Brooks Koepka’s sheer dominance of Bethpage Black was the top storyline of PGA Championship week — as it should have been — but an early lookahead to the 2024 Ryder Cup served as a compelling undercard.
The Ryder Cup heads to Whistling Straits in Wisconsin in 2020, then to Rome in 2022 before it returns to Long Island and the Black Course in 2024. Some are already terrified of what’s to come from boisterous New York crowds. “Good luck to Europe,” Koepka said. Euro star Rory McIlroy’s brevity got his point across: “No comment.”
But fans, regardless of which side they cheer for, will have little to applaud about if the Black Course sets up similar to how it did last week. The hack-it-out rough and brutally long par-4s are a match-play fan’s nightmare. Match play, and the Ryder Cup, should be about risk, reward and shot-making — not winning demoralizing par-4s with a par. (Bethpage, in fact, only has two par-5s.) And of course a venue doesn’t need water hazards to be great, but Le Golf National and its splashy finish — bad pun intended — was great theatre as hopes were dashed in a blink of an eye.
But this shouldn’t be breaking news. The PGA of America has years to identify its Black Course setup. Players are expecting a tamed version, too.
“Typically in match play you want scoring opportunities, so I don’t think it will be a good idea to set it up like it is here, which I don’t think they would,” said Webb Simpson. “I think they’ll have light rough. I think it needs to be a little shorter for a Ryder Cup, maybe take No. 7 back to a par 5.”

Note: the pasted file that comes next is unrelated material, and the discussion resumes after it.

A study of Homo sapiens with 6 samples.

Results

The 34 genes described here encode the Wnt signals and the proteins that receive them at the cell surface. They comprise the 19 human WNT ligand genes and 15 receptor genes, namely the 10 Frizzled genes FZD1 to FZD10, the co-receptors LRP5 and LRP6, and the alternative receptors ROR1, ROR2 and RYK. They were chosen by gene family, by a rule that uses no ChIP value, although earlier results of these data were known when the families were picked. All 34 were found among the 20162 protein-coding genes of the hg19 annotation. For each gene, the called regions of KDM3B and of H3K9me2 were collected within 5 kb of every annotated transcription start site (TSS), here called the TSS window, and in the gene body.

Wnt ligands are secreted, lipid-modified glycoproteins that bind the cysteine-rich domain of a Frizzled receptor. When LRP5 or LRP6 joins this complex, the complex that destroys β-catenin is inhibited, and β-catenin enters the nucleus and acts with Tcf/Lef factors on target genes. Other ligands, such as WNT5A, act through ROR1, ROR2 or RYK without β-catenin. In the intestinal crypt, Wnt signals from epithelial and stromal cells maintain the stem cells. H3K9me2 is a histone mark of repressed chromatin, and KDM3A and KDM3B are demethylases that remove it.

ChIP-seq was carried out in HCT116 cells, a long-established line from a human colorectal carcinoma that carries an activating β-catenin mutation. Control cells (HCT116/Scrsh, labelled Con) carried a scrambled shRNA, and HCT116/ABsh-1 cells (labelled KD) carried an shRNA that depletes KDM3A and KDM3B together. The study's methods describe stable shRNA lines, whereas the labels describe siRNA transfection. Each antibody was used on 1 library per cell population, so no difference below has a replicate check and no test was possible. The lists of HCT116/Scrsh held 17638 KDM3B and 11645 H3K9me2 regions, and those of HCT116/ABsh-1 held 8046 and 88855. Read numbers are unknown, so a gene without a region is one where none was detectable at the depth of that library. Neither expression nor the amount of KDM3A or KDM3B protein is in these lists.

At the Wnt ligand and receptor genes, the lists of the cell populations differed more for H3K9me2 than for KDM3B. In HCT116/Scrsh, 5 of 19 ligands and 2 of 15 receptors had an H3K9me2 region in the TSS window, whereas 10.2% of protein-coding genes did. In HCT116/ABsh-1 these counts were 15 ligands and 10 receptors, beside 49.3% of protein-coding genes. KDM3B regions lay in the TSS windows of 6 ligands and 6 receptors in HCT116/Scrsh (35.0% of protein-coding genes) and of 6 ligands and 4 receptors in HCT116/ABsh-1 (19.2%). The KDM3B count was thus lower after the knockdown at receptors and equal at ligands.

Graeme McDowell, who was an assistant captain for Europe in 2018, agreed. Although he also campaigns for more neutral setups.
“They won’t set it up like this,” McDowell said. “This will not be the ’24 Ryder Cup setup — I can guarantee you that. This looks more like Paris National than Hazeltine. It will be more of a Barclays setup for ’24. It will be less rough, it will just be bombs way.”
Henrik Stenson said it’s hard to pinpoint exactly how it will be setup so far in advance — it depends on the American players’ strength, he says — but thinks the home-team advantage is becoming stronger every year with home captains having an influence on the setup.
“Hazeltine was a long course that was cut down and made wide and with as little rough as possible to try to make it a putting competition because they thought they had the upper hand on the greens,” Stenson said. “When we had thick rough and a narrow golf course at Le Golf National, that kind of suited the Europeans better because accuracy off the tee and greens in regulation seems to be a little stronger on our end.”
Bethpage may have that iconic warning sign out front, but for one week in 2024, it needs to dull its teeth.
“I think the fans would like to see a few more birdies,” McIlroy said. “I would say that for match play, it should be a little more of a generous setup. I would think.”